At some point in our lives, most of us will have had to write an essay. And many of us will have left that essay until the last minute.
This situation is the product of poor learning design. It’s not that there’s anything wrong with an essay, it’s that we shouldn’t put learners in a position where they can leave all the work until right before the hand-in.
Let’s face it, everyone is busy. Most students now have to work alongside their studies, as do most adult learners. Empathising with this reality reveals the need to build assignments that enable them to develop their work incrementally.
The benefits of ‘little and often’
This is where a ‘little and often’ approach to learning design can help. Instead of asking for an essay or an exam at the end of a course module, learning designers can break the assignment into smaller tasks. By asking learners to produce small pieces of work on a more regular basis, both they and the tutor can see how much progress they have made, and how far they still have to go.
One way to do this is by setting a short task for them to complete each week, and then asking them to upload it to a blog or ‘learning log’. This both enables them to consolidate what they’ve learned during that week, and develop their evidence bit by bit as they move through the course or module. By the time learners reach the end, they are more likely to have experienced deeper learning as they have applied what they have learned in each week of the course.
‘Little and often’ is also sometimes referred to as ‘chunking’. Research has shown that breaking content into smaller chunks – particularly video content – can increate engagement and achievement.
Make learning visible
A key benefit of a little-and-often approach to assessment is that it makes learning visible, and the value of making learning visible is based on extensive research (Hattie, 2009). Not only can you see what your learners have learned, you can provide feedback on it at the time where that feedback is most valuable – i.e. while they still have time to apply it. Making learning visible also means your learners can see how others are progressing. This taps into the power of accountability – if your learners can see the work that others are creating, it can often motivate them to improve their own work.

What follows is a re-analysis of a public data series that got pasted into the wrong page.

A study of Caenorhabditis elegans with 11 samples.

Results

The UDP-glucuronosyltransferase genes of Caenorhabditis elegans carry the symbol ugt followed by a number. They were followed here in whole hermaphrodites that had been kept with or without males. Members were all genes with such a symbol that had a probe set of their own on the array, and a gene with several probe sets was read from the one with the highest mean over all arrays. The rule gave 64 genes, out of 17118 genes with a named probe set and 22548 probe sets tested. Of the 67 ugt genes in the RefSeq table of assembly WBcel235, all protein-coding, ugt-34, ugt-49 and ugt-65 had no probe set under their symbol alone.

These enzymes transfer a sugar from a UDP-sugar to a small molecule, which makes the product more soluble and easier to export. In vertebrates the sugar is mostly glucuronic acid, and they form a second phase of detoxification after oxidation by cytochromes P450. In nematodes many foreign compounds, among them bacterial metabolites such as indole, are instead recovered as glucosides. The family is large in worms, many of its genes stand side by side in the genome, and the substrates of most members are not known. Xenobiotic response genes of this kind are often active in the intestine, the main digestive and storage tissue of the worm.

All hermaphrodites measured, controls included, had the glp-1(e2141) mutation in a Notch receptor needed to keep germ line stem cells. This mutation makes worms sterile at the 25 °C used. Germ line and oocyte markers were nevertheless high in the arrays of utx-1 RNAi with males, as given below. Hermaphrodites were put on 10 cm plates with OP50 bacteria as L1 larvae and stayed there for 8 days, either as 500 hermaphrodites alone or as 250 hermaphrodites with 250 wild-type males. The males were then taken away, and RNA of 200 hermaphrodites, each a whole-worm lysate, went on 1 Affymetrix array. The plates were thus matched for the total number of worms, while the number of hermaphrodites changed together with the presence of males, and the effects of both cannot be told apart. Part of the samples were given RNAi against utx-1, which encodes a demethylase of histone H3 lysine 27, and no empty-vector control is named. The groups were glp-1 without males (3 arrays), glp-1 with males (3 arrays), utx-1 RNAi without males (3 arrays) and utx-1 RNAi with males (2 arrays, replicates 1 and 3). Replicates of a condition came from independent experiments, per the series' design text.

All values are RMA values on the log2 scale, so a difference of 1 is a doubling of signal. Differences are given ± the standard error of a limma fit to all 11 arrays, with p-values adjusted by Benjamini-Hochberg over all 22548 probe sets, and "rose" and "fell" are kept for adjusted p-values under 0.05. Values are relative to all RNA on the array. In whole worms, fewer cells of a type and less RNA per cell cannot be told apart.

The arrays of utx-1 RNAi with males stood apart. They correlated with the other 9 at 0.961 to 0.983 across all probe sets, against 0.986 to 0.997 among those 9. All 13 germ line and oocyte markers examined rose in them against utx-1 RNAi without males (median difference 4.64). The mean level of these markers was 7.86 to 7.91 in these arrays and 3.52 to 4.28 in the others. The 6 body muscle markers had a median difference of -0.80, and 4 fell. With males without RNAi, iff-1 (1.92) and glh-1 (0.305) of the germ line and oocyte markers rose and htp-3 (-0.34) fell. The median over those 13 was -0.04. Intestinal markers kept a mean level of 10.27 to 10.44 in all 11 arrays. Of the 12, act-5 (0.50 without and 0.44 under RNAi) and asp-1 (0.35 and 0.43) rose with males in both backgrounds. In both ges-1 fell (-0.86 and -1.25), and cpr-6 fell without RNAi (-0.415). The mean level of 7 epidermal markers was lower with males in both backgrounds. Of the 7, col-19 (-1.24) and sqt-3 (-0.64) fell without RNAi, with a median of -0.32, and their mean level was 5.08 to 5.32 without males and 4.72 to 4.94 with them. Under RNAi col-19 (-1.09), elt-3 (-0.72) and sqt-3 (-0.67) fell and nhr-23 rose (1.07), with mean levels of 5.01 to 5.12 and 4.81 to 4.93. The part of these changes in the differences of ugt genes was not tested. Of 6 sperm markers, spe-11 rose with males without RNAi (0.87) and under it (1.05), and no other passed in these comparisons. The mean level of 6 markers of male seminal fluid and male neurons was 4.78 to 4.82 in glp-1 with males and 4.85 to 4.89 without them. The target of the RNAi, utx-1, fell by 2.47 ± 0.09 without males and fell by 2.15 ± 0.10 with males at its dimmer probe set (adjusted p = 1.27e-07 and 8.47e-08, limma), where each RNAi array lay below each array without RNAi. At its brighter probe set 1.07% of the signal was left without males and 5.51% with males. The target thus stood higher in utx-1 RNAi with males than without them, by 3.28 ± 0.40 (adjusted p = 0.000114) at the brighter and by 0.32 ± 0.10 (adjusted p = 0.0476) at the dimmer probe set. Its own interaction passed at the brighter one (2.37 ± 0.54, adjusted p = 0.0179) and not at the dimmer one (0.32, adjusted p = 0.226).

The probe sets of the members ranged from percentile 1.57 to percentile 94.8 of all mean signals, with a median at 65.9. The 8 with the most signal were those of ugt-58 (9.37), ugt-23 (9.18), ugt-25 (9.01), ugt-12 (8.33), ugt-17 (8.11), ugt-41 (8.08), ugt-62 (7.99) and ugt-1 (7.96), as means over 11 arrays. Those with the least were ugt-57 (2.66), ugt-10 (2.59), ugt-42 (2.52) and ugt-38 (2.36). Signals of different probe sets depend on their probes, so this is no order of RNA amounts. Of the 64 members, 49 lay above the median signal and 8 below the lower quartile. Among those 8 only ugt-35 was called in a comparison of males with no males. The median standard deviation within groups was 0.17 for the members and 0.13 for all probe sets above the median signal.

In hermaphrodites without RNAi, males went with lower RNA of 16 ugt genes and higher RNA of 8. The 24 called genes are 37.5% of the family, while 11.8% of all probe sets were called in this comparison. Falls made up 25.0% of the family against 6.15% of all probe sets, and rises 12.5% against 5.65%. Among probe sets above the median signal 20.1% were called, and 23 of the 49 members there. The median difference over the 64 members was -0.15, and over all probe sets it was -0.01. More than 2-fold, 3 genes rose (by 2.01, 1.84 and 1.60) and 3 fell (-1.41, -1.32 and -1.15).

By the time the learner reaches the end of the course, s/he should have a collection of evidence that they can use for their end-of-course assessment. Furthermore, if there are any gaps in their evidence, it should be fairly straightforward for them to revisit that online.
‘Little and often’ is also one of the ADSHE seven principles for supporting neurodivergent students in HE (Association of Dyslexia Specialists in Higher Education). Breaking learning into smaller chunks creates more inclusive, flexible curricula that are more likely to support a broader range of learning needs.
And the good news is that it benefits all learners.
Got a question about learning design?
The please just post it in the comments below, and the Ding team would be happy to try and answer it for you!
You might also like:
- Writing aims, learning outcomes and assessment criteria– In this post, Ding’s Dr Nicholas Houghton provides top tips on the tricky topic of learning outcomes.
- Humphries, B. and Clark, D. (2021) An examination of student preferences for traditional didactic or chunking teaching strategies in an online learning environment. Research in Learning Technology. 29: 2405
- Hattie, J. (2008) Visible Learning: A Synthesis of over 500 Meta-Analyses Relating To Achivenement. London: Routledge.
Thank you to:
- Ray Martin for help with researching this article.
- Alice Pasqual on Unsplash for another fabulous photo!